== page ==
Kansas basketball v. Baylor
Images from Tuesday night's game between the Jayhawks and Bears in Waco, Texas.
Press Conferences & Post-Game Interviews
Bill Self talks Tharpe, Wiggins, defense after 69-52 victory at Baylor.
KANSAS 69, BAYLOR 52
Waco, Texas When a player arrives in college basketball lugging outrageous expectations and doesn’t hide his intention to stay just one year, it’s as if every game counts as 10.
Do the math and that calculates to Andrew Wiggins being seconds from a 15-game slump when he stole a pass under the hoop, took a few dribbles and buried a half-court shot to beat the buzzer and the slump. It lasted three halves in real time, 15 games in Wiggins time.
The shot lifted a ton of weight from Wiggins and it showed.
“It helped my confidence a lot instead of going into halftime scoreless, I scored,” Wiggins said.
It made him play with a freer mind in the second half of Kansas University’s impressive 69-52 Tuesday night beat-down of Baylor in the Ferrell Center.
“We ran that play for him at the end of the first half to get him going,” Kansas coach Bill Self quipped. “He obviously wasn’t plugged in offensively in the first half. He’s had a tendency to do that at times. Second half, he obviously was more aggressive.”
Still, on a night his shots didn’t drop — he made 4 of 13 from the field and just 2 of 10 from inside the arc — Wiggins influenced the game in many other areas, a sign he is improving. The freshman from Toronto had five assists, three steals and two blocked shots and did not commit a turnover.
“I think I’ve grown up a lot,” Wiggins said. “A couple of weeks ago, when I played bad, I would get really down on myself. But I know scoring’s not everything. You can still do stuff to open things up for your teammates, get rebounds, you can still do other things to affect the game.”
Such lessons aren’t learned as easily in AAU games, which often more closely resemble the style of NBA All-Star contests.
“It’s different,” Wiggins said of college basketball. “I’m learning a lot now in college. For me, I’m getting better each week. It’s like a learning experience for me.”
Just another college student learning, give or take several million dollars that will be on a contract he'll sign after the NBA draft.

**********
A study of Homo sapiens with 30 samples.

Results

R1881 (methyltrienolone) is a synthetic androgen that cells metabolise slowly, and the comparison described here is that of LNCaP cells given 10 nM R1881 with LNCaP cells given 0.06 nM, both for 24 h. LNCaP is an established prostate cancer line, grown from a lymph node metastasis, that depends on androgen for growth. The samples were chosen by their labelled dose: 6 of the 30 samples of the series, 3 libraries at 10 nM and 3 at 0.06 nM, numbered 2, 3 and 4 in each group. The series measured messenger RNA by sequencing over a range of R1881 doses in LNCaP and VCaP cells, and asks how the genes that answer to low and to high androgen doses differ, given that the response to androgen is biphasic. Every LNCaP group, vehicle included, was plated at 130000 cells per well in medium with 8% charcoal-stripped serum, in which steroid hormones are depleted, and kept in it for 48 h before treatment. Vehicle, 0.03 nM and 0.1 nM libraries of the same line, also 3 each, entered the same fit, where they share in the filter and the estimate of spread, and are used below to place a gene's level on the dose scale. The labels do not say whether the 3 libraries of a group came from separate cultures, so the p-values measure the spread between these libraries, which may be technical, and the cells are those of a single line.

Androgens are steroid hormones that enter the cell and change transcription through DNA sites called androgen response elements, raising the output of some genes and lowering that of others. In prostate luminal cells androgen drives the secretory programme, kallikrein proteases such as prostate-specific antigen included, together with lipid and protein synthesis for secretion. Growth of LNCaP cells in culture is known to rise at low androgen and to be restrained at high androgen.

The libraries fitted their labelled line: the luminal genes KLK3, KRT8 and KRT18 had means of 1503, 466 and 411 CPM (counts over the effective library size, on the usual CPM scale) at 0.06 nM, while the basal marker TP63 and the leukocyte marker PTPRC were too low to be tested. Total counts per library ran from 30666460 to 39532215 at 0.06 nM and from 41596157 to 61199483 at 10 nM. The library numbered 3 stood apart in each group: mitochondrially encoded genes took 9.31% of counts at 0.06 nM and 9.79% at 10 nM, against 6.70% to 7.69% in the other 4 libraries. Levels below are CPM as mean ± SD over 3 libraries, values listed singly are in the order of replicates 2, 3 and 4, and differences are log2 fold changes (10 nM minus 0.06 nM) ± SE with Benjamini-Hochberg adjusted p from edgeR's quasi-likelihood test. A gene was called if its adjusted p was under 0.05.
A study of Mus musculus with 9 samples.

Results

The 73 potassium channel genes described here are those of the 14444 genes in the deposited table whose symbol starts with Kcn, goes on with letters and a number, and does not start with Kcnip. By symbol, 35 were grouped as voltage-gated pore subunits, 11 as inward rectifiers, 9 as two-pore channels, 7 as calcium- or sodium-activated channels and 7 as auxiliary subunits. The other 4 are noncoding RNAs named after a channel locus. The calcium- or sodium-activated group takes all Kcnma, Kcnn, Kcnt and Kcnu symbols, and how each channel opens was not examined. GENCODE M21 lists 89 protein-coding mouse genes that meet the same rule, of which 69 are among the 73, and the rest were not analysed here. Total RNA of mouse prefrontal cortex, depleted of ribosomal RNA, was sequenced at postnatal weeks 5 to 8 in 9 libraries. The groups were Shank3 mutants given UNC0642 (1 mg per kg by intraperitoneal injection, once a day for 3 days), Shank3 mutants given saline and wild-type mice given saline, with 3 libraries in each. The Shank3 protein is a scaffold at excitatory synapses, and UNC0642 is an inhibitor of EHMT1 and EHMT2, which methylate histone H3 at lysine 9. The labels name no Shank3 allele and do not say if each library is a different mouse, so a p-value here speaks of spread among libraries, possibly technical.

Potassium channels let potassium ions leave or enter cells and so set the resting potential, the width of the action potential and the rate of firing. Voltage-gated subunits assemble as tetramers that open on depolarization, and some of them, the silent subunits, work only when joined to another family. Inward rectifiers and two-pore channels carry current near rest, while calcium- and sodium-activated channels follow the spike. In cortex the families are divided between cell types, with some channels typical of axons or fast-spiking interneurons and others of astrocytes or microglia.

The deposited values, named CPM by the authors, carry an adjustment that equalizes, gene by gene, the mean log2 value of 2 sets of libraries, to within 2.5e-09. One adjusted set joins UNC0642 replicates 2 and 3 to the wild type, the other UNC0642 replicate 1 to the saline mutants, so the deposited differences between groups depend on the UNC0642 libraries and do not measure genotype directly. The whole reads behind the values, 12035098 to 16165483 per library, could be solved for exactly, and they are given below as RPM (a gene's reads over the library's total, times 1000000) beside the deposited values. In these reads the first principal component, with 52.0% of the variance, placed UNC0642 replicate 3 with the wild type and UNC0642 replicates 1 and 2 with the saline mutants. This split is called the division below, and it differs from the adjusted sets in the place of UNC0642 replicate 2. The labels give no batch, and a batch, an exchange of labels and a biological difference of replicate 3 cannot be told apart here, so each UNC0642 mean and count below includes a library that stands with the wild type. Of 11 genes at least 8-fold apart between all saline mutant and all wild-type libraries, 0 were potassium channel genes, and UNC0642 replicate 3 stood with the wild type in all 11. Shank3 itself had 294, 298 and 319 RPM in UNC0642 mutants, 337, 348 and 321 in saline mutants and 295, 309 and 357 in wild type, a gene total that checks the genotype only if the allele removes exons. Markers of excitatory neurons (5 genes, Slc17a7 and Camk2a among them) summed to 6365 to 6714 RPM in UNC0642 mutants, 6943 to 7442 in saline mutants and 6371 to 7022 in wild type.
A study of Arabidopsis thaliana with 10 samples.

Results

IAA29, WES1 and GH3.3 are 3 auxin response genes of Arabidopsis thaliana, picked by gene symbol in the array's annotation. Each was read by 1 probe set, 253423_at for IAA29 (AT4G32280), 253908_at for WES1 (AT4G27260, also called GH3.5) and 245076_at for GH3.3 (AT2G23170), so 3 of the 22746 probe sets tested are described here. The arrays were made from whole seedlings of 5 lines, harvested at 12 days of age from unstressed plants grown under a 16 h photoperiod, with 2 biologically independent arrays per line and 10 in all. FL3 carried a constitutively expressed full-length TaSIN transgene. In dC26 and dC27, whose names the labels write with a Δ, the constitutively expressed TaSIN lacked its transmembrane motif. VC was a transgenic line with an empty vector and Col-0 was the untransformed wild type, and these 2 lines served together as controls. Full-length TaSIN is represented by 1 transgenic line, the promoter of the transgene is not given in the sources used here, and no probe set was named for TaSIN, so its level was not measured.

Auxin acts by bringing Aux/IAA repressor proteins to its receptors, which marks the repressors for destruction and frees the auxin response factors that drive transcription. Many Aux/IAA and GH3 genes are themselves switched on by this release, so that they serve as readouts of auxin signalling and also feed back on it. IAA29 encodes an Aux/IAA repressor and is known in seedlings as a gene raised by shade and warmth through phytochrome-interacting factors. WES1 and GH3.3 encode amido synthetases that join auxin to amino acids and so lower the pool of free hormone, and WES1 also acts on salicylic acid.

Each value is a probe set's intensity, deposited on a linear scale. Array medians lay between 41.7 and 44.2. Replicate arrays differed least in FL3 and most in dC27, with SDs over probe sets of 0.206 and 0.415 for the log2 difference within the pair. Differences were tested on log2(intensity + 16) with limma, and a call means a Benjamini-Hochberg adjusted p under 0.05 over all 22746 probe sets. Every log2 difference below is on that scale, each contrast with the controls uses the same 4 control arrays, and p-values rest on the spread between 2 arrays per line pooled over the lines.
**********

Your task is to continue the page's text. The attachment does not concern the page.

Senior center Tarik Black, who had a terrific game on a night freshman Joel Embiid did not, once was a highly advertised freshman for Memphis, although not to nearly the same degree as Wiggins.
“It’s a growing process for all of our young guys and Wiggs has handled it very well, especially with the attention that comes along with his growing process,” Black said. “A lot of freshmen go through ups and downs and there’s always a freshman wall. All of us go through that. He’s had to go through it with the media in his face, 24/7, the spotlight on him all the time. That adds that next level of pressure. He’s handled himself very maturely and I’m very proud of him.”
Self gave Wiggins high marks in that regard as well.
“This is different from anything I've ever gone through,” Self said. “We’ve had some pretty good players, but we haven’t had anybody that they put him on the Sports Illustrated (cover) and compared to (Wilt) Chamberlain and (Danny) Manning. The kid should be a high school senior. I don’t think that the hype has hurt him much from a mental draining standpoint. I think he’s handled it all beautifully.”
Handling hype and meeting expectations are two different things. The first is attainable, the second impossible.
“I also think the hype has created a negative tone in people’s minds because the hype made people believe he should get 22 and 10 every night and he can’t,” Self said. “He’s not (Kevin) Durant. That’s not what he does. He’s not a scorer like that. He’s a slashing wing who’s figuring it out. I will say this: From my standpoint, even though he didn’t have his best night tonight, but when you talk about upside and talent, there are not many guys out there like him.”
Talent doesn’t always win the tug-of-war with youth. Wiggins was limited to seven points in Saturdays’ 12-point loss at Texas.
“I missed a lot of shots I usually make,” Wiggins said of the loss. “I missed some layups. I don’t think their defense did anything to make me miss. I just missed my shots. I missed open pull-ups, I missed my little step-back that I like.”
And he missed his first three shots Tuesday night, when the rowdy Baylor hecklers reminded him every possession that he had not scored.
Then he ended his brief eternity of a slump with a shot that looked true when he released it. He said he had last hit a half-court shot to beat the buzzer during his junior year in high school at the end of the first quarter of a game. He said when players launch them for fun in practice, he doesn’t hit them.
“That was amazing,” Black said. “That was ESPN top 10, if not No. 1. I think it’s No. 1, but we’ll see.”
Said Perry Ellis, who helped the cause with 14 points, 10 rebounds and two blocked shots: “It was big. It pushed us through at halftime. It even got him going.”
Wiggins scored 11 of his 14 points in the second half.
“He was attacking the rim and we were looking for him,” Ellis said. “We threw those couple of lobs to him and he was being a lot more physical.”
In a span of 93 seconds, Wiggins turned a five-point lead into a 12-point game by hitting a three-pointer, finishing a lob and ramming in a high-velocity jam on a pass from Naadir Tharpe in transition, an entertaining peak at the future that with 7:49 left ensured KU a comfortable lead the rest of the way.